Theater review by Maya Tribbitt
Victor I. Cazares’s american (tele)visions begins in a dystopian American wasteland, also known as a Wal-Mart. Gathered around a shopping cart of affordable items are the members of “a family of illegal immigrants” from Mexico in the early 1990s. The tomboyish preteen Erica (Bianca “b” Norwood) serves as our narrator, oscillating between naiveté and omniscience. She describes her parents in images: Her factory-worker father Octavio (Raúl Castillo) is “a television,” while her mother Maria (an impeccably dressed Elia Monte-Brown) is “a Christmas Tree Little Debbie Cake.” Since Erica’s older brother, Alejandro, is dead, she recruits his friend Jesse (Clew) to stand in for him.
The play starts with a jolt that evokes turning on a TV, and the channels switch fast from then on. Characters, timelines and set pieces whip back and forth so quickly that it’s often unclear what is meant to be real. Bretta Gerecke’s clever set consists of four large corroded metal boxes, stacked on each other, that open up as the play reveals its secrets. In director Ruben Polendo’s staging, they often serve as screens for projected images, as do the back and side walls of New York Theatre Workshop’s wide stage. There’s no easy way to keep track of the universes the characters inhabit, which draw on sources including telenovelas, Saturday-morning cartoons and 8-bit video games to offer a chaotic and confounding look at the multitudes contained within a queer American immigrant experience.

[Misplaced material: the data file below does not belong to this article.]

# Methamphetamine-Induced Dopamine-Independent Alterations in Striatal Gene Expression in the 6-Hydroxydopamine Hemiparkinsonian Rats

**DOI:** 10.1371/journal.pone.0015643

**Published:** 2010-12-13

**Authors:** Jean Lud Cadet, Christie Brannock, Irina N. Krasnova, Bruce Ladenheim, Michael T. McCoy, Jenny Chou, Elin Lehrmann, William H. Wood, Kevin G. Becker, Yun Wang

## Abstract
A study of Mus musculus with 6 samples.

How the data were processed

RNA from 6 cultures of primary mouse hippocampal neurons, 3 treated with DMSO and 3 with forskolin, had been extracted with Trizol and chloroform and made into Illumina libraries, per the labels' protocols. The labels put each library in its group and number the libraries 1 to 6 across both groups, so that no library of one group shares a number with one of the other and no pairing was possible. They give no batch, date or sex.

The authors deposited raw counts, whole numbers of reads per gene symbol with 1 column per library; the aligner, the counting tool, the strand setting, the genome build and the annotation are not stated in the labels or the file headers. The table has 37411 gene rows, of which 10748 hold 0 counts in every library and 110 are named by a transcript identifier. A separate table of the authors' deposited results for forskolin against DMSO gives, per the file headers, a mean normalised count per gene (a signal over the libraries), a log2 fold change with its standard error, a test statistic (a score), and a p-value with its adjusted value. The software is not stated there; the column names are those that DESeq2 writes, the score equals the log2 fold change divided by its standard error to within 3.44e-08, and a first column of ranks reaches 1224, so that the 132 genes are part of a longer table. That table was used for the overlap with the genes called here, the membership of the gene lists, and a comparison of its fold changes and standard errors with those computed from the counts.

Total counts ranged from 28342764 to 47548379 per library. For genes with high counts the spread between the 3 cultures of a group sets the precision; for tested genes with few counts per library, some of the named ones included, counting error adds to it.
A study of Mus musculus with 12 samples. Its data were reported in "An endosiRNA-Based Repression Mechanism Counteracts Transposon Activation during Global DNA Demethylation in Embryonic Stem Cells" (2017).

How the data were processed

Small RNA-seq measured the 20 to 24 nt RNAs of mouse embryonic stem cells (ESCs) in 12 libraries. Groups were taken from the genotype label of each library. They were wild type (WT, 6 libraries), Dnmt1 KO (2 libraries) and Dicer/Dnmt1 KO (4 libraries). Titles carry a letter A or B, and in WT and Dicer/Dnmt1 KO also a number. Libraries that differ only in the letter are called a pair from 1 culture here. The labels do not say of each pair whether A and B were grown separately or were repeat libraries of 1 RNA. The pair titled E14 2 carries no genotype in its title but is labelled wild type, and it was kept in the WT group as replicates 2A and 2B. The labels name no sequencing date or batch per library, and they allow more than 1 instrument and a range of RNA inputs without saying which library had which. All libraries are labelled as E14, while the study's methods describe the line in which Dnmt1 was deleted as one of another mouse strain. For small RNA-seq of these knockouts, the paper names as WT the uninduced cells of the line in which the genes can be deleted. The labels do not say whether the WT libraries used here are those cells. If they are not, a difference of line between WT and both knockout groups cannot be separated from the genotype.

The production's lighting and set work alongside pre-recorded video and live camerawork to create a hypnotic, carnivalesque environment for the audience and the characters alike. As Erica’s whimsical gay neighbor Jeremy, Ryan J. Haddad—who uses a walker—is the delightful force behind the show’s funniest scenes (including some hilarious forays into Barbie-doll lore), and Clew’s understated performance as Jesse/Alejandro features a few shifts that make you do a double take. But the sophisticated graphics often overwhelm the performances and the storytelling. american (tele)visions takes an ambitiously wide look at major themes (consumerism, gender, technology), but its jumpy approach is less HDTV than ADHD. The channels keep changing, but a lot of the play is static.
american (tele)visions. New York Theatre Workshop (Off Broadway). By Victor I. Cazares. Directed by Rubén Polendo. With Bianca “b” Norwood, Elia Monte-Brown, Raúl Castillo, Clew, Ryan J. Haddad. Running time: 1hr 40mins. No intermission.